Researchers from the UArizona College of Medicine – Tucson found that the bacterial lysate OM-85 blocked SARS-CoV-2 infection by decreasing the ability of the coronavirus to bind to the lung cell surface receptor ACE2.
A team of University of Arizona Health Sciences researchers at the UArizona College of Medicine – Tucson found that a combination of bacterial extracts used in Europe to treat respiratory infections may offer a new way to prevent or reduce infection by SARS-CoV-2, the virus that causes COVID-19.
The study, published in the Journal of Allergy and Clinical Immunology, showed that a specific combination of bacterial extracts known as OM-85 inhibited SARS-CoV-2 infection by reducing the virus’s ability to attach to lung cells. OM-85 is a bacterial lysate, a combination of molecules extracted from the cell walls of bacteria, marketed outside the U.S. under the brand name Broncho-Vaxom as a preventive treatment for upper respiratory infections in children and adults.
“Current infection prevention strategies rely on vaccines that trigger our immune system to respond primarily by producing antibodies. The antibodies attach to a specific part of the virus that acts like the key and prevent it from being able to attach to the lung cell receptor, which is like a lock on the outside of the lung cell. This study is unique because it is the first time researchers have targeted the receptor – the lock – with a bacterial extract and shown it protects against infection with live virus. We’re essentially removing the lock from the cell wall so there’s nothing for the virus’ key to attach to,” said senior author Dr. Donata Vercelli, professor of cellular and molecular medicine at the UArizona College of Medicine – Tucson and professor of genetics at the BIO5 Institute.
When SARS-CoV-2 enters the lungs, it binds to receptors including the angiotensin converting enzyme 2 receptor, known as ACE2, on the outer membranes of lung cells. A cellular enzyme changes the shape of a protein on the virus to enable SARS-CoV-2 to breach the membrane and infect the cell.
When the pandemic began, Vercelli and Vadim Pivniouk, associate professor in the Department of Cellular and Molecular Medicine, along with other members of the research team, turned to data they collected in an asthma prevention study to determine whether OM-85 treatment affected the ACE2 receptor and enzyme involved in COVID-19.
Vercelli collaborated with Dr. Janko Nikolich-Žugich, professor and chair of the Department of Immunobiology and BIO5 member, and Jennifer Uhrlaub, associate research scientist, and found that pretreatment of cells with OM-85 prevented infection by SARS-CoV-2. The ability of OM-85 to prevent viral infection was found to be dependent on its ability to decrease the expression of the ACE2 receptor.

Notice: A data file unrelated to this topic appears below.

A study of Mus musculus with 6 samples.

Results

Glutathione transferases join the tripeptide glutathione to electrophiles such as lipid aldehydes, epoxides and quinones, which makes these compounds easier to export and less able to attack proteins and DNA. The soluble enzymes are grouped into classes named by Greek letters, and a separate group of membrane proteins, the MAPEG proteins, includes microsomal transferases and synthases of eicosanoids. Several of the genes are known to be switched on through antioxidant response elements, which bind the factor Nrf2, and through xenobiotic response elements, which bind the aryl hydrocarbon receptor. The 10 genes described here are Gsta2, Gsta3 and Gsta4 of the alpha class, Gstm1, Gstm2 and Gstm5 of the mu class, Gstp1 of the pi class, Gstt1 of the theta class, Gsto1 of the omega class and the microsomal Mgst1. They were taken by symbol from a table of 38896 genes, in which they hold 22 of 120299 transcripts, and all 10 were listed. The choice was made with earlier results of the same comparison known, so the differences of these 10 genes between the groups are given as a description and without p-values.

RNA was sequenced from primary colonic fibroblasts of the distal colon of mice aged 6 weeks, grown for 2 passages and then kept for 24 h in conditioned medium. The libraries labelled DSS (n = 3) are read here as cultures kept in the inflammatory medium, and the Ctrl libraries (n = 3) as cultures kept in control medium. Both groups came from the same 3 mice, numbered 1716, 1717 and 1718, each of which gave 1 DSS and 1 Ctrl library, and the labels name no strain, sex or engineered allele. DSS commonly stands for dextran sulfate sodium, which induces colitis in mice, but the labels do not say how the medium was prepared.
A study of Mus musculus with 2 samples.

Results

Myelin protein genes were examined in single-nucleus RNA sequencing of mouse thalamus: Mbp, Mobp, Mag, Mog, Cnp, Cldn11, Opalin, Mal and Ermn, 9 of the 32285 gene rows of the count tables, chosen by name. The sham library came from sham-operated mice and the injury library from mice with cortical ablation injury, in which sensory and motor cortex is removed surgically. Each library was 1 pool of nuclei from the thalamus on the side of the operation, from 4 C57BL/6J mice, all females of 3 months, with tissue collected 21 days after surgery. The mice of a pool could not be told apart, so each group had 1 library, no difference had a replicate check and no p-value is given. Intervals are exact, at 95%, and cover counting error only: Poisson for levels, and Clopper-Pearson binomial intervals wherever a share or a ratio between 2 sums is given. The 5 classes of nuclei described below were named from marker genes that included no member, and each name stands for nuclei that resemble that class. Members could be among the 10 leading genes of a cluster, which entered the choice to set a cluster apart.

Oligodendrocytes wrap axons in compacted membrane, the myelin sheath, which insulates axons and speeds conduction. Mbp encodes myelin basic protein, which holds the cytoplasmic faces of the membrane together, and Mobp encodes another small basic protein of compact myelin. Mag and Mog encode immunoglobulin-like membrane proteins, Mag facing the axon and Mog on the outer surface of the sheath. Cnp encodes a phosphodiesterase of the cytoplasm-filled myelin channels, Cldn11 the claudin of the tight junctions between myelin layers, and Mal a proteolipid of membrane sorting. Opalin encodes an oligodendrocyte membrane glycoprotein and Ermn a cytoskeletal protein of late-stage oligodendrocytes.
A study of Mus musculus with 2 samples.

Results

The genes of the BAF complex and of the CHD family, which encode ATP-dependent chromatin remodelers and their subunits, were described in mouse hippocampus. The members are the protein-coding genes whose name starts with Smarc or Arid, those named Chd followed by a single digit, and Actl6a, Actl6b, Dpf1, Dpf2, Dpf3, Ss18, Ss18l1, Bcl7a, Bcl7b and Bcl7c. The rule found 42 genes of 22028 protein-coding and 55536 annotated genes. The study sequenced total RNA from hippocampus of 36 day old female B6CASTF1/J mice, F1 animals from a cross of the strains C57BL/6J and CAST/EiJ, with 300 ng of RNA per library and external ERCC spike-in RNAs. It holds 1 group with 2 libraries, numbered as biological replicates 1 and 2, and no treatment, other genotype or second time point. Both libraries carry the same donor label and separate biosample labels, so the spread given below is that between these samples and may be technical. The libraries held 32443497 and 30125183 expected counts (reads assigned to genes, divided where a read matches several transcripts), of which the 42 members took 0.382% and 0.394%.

“ACE2 is the critical piece that tips the scale,” said Vercelli, who also serves as director for molecular genomics at the Asthma and Airway Disease Research Center. “Without that initial attachment – the key fitting into a lock – the entire infectious process is derailed and blocked.”
The mechanism by which OM-85 prevents viral infection is unlike that of vaccines or antibody treatments, which focus on a viral protein. By targeting the receptor, OM-85 may shut the very door that allows the coronavirus to infect cells, which could make it effective against any variants that infect cells through the ACE2 receptor.
“Original studies of this type require us to test whether infection by the live virus can be blocked by the potential preventive treatment in question,” Nikolich-Žugich said. “This must be done in specialized biosafety containment facilities, so our long-time experience with this type of work and our biosafety facility at BIO5 enabled us to help Dr. Vercelli and her team with this study.”
Vercelli and Pivniouk also enlisted the help of Dr. Monica Kraft, the Robert and Irene Flinn Endowed Chair in the College of Medicine – Tucson, who collected primary lung cells from healthy patients.
The rationale for using bacterial extracts to prevent viral infection relates to a previous study led by Vercelli, who also is the director of the Arizona Center for the Biology of Complex Diseases. In 2016, her team found that exposure to environmental microbial products protected Amish farm children from asthma and allergies.
“Our innate immune system has evolved under environmental pressures like bacteria, but our current lifestyles often don’t give us the chance to develop this protective immunity,” Vercelli said. “Our idea is to use bacterial lysate to train our immune system to protect us from viruses, in the same way those who are regularly exposed to farm animals are protected against a multitude of bacteria and other microbes.”
According to Vercelli, treatment with bacterial lysates such as OM-85 could promote a more interactive exchange between the immune system and microbes.